We are constantly being told that Campbelltown’s population has been growing strongly in the past few years.

Not that any local would need to be told: all they have to do is try to find a parking spot when they go shopping or to conduct some business.

It’s much worse in the central business district, but even in smaller shopping precincts such as Ingleburn, Leumeah, Bradbury and Minto finding a parking spot can be hard at peak times.

Now a councillor wants a full study into parking across the whole local government area, from St Helen’s Park in the south to Glenfield in the north.

Councillor Paul Lake will move the following notice of motion at council’s next meeting on Tuesday, October 13:

That a full feasibility report be presented to Council outlining the financial and non-financial implications of introducing paid parking into the Campbelltown Local Government Area.

However the former mayor wants to make it crystal clear that his aim is to have a comprehensive look into the current parking situation in all of Campbelltown – and what action is needed now and in the future to ensure supply meets the demand for parking spaces.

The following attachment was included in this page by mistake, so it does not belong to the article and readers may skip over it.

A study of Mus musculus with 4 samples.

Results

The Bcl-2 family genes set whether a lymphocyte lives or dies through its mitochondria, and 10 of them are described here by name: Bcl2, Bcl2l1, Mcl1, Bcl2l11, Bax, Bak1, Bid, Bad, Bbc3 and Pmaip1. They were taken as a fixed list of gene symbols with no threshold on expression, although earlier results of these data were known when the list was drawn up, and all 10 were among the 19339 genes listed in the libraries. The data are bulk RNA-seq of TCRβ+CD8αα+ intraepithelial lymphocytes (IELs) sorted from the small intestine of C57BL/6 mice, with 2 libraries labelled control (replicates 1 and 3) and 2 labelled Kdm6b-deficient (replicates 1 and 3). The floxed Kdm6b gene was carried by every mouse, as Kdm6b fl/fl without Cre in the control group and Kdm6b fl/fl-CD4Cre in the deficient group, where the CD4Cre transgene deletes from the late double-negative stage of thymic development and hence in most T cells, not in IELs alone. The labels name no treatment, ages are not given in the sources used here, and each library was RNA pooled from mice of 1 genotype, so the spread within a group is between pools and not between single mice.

“There is no point in doing a study and not looking at everything and the whole area, instead of just the CBD,’’ says Cr Lake.

“I’d like them to look at things like the two hour parking and how that works.

“In my experience two hours may not be enough because things go wrong sometimes when you’re out doing some business, maybe seeing a lawyer or a doctor, things like that.

Ingleburn CBD also experiences parking shortages.

“Is the answer what they do at Macarthur Square, where the first three hours are free but you pay a little bit more to stay longer?

“Paying a little more would certainly be better than coming back to your car and finding a parking fine that will cost you a lot more,’’ he says.

Cr Lake agrees that with Campbelltown’s population expected to increase by more than 100,000 people in the next 15 years, new parking spaces will have to be built.

“Council will have to plan for that, but we need to ensure the spaces we have are available as efficiently as possible, and that’s why I am asking for this feasibility report into paid parking,’’ he says.

Cr Lake says if council were to go down the path of paid parking, revenue collected should be spent on new parking.